Pulses: The Heroes of Nutrition & Agricultural Sustainability

This blog post was written by Amy R. Beaudreault, PhD, University of California, Director of Nutrition and Health, World Food Center, and was originally published on SecureNutrition.

As 2016 comes to a close, so does the United Nations’ International Year of Pulses. The term pulses has come to be seen as the “little beans with big opportunities,” thanks to the global events and outreach throughout the year that have promoted the importance of pulses in agriculture and nutrition. Yet, the need to build awareness about the benefits of pulses and pulse research remains high. 

In laymen’s terms, most people refer to pulses as beans, but in fact they are a type of legume. Legumes are plants that have fruit enclosed in a pod and are the third largest family of flowering plants. More than 13,000 species of legumes exist, grouped into three subsets: soybeans and peanuts; pulses; and fresh peas and fresh beans. Pulses are the edible seeds of plants in the legume family and they represent 12 crops of grain legumes, which include dry beans, dry peas, chickpeas and lentils. 

Through a nutritional lens, pulses are high in fiber and protein, low in fat, and contain various vitamins (e.g., zinc, folate, magnesium, and iron) and amino acids. Research suggests that pulse-based supplements can reduce stunting in high-risk children because of the protein and micronutrients they deliver to pregnant and nursing women. In addition, pulses may promote a healthy gut microbiome because of the resistant starches they contain. Enteropathy, or inflammation of the intestinal lining, can decrease nutrient absorption and contribute to stunting. Emerging evidence is looking at whether increased pulse consumption in undernourished children could support the gut microbiome and prevent enteropathy.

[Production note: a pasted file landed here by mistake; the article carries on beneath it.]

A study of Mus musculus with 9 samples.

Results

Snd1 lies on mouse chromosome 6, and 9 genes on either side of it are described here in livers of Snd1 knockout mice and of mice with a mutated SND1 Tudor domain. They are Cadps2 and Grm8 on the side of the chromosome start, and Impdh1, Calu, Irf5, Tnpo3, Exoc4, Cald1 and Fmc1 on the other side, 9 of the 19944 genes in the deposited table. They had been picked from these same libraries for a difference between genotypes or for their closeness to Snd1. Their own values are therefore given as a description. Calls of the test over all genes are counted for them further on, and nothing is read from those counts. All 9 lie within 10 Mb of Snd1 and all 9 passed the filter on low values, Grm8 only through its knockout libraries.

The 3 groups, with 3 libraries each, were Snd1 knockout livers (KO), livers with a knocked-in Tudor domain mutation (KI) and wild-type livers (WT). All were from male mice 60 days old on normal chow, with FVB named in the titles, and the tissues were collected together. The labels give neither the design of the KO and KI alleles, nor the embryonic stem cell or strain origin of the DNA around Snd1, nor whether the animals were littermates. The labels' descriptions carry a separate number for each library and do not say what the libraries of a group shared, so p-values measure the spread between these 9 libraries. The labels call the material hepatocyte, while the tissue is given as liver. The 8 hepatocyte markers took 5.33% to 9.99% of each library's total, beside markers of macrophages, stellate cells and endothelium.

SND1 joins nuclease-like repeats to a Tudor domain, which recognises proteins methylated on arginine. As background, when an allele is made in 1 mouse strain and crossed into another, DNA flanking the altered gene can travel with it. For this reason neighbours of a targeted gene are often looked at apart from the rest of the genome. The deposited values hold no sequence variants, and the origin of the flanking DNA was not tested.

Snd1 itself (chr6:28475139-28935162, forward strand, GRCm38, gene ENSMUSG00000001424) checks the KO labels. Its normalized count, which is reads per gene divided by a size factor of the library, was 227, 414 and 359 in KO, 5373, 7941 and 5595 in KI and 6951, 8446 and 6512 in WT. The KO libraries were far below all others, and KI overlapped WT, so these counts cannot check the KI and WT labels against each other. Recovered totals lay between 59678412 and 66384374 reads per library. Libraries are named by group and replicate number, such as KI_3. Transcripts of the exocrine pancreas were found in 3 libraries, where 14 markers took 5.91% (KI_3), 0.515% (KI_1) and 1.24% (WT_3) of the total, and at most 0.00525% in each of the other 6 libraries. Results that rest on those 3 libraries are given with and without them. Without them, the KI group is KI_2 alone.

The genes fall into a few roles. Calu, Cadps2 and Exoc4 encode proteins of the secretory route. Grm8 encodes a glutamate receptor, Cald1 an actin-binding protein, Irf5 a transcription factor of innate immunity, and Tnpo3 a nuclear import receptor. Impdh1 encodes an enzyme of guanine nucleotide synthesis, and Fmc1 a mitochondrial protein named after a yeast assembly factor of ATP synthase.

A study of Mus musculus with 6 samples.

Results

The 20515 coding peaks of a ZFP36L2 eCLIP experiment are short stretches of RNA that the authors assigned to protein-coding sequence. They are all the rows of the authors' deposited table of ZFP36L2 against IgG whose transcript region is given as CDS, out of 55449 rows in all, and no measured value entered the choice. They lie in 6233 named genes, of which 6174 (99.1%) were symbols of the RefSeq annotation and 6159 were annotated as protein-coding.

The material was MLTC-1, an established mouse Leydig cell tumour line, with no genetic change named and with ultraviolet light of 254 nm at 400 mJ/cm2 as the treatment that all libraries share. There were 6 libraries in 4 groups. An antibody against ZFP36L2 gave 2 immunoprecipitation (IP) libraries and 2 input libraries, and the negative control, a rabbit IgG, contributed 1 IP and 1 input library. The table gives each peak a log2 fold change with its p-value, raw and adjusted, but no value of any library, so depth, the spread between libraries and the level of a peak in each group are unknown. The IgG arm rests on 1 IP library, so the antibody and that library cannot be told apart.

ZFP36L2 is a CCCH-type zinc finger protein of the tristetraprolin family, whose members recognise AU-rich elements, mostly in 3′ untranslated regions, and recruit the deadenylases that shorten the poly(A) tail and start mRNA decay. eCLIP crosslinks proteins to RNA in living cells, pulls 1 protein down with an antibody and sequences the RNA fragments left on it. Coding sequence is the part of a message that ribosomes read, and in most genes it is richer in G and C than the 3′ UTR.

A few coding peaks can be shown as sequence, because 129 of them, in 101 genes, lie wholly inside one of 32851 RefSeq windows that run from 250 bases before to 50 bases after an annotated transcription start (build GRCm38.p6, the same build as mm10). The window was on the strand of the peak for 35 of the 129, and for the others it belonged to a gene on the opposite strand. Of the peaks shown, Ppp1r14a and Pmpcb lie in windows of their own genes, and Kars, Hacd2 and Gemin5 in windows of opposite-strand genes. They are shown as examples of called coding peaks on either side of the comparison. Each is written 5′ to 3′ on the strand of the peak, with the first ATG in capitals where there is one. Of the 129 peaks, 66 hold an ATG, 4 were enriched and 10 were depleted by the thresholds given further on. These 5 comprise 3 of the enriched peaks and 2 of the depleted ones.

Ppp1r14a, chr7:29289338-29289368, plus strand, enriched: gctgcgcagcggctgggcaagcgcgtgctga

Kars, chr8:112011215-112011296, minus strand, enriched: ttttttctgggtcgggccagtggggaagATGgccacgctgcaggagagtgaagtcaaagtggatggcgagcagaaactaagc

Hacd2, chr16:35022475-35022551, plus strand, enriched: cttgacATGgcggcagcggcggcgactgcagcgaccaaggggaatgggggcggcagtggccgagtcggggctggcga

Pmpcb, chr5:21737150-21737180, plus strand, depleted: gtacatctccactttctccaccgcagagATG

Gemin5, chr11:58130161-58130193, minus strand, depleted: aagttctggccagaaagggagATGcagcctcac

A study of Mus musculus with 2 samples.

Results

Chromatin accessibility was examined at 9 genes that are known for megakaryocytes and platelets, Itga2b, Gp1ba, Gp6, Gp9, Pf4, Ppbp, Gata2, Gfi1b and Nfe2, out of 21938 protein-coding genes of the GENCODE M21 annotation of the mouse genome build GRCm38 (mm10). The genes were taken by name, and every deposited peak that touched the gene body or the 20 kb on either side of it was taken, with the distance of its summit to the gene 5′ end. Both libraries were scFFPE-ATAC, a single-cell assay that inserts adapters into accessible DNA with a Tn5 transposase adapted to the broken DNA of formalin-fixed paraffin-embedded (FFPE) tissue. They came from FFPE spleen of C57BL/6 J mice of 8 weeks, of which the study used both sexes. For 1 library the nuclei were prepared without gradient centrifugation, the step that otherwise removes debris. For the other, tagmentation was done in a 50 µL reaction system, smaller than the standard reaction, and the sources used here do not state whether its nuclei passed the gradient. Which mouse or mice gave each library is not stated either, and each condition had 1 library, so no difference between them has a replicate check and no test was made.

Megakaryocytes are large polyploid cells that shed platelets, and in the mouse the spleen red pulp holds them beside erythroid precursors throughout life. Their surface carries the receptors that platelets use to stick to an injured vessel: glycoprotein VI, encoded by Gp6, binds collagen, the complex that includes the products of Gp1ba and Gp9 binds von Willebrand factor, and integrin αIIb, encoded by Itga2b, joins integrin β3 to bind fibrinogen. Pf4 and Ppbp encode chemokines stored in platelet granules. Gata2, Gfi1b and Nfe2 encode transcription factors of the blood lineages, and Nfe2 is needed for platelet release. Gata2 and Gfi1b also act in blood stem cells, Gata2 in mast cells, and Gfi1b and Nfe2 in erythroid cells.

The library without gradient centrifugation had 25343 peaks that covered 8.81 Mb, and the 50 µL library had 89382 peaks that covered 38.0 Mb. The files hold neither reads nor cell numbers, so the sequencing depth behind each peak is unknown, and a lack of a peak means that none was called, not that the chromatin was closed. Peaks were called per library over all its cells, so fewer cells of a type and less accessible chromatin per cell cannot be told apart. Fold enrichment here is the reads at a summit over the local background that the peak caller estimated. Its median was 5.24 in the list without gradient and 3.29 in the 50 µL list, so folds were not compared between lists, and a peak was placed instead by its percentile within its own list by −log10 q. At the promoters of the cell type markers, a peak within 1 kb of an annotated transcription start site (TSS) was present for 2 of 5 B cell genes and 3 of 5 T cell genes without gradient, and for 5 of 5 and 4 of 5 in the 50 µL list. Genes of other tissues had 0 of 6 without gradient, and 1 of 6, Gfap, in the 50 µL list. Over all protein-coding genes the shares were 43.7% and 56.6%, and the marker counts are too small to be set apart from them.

Through an agricultural lens, the farming of pulses has many benefits for their ability to fix atmospheric nitrogen in the soil, and to serve as a protein source that is an alternative to livestock. Pulses introduce critical nitrogen into the agricultural system naturally through symbiosis with nitrogen-fixing soil microbes, called rhizobia. Nitrogen can alternatively be provided as synthetic fertilizer. More than 10,000 years ago, pulses and grass were domesticated and used by farmers through rotation; they inter-cropped pulses and grasses to increase grain yields. Pulses also are a low carbon footprint source of protein. 

In today’s world of a growing population—with 1.9 billion overweight or obese adults, 795 million who are underweight, and 2 billion who may consume enough calories but lack the necessary micronutrients—the role of pulses increasing in the human diet has many advantages. Agriculture’s challenge is to provide the needed quantities of nutrient-dense food at an affordable cost.

Yearly, October 16th is observed as World Food Day; a day that commemorates the founding of the Food and Agricultural Organization of the United Nations in 1945. As we observe the importance of global food security yearly, we should also acknowledge the potential role pulses play in increasing food security. 

The views expressed here belong to the speaker and do not necessarily represent FAO’s views, positions, strategies or opinions.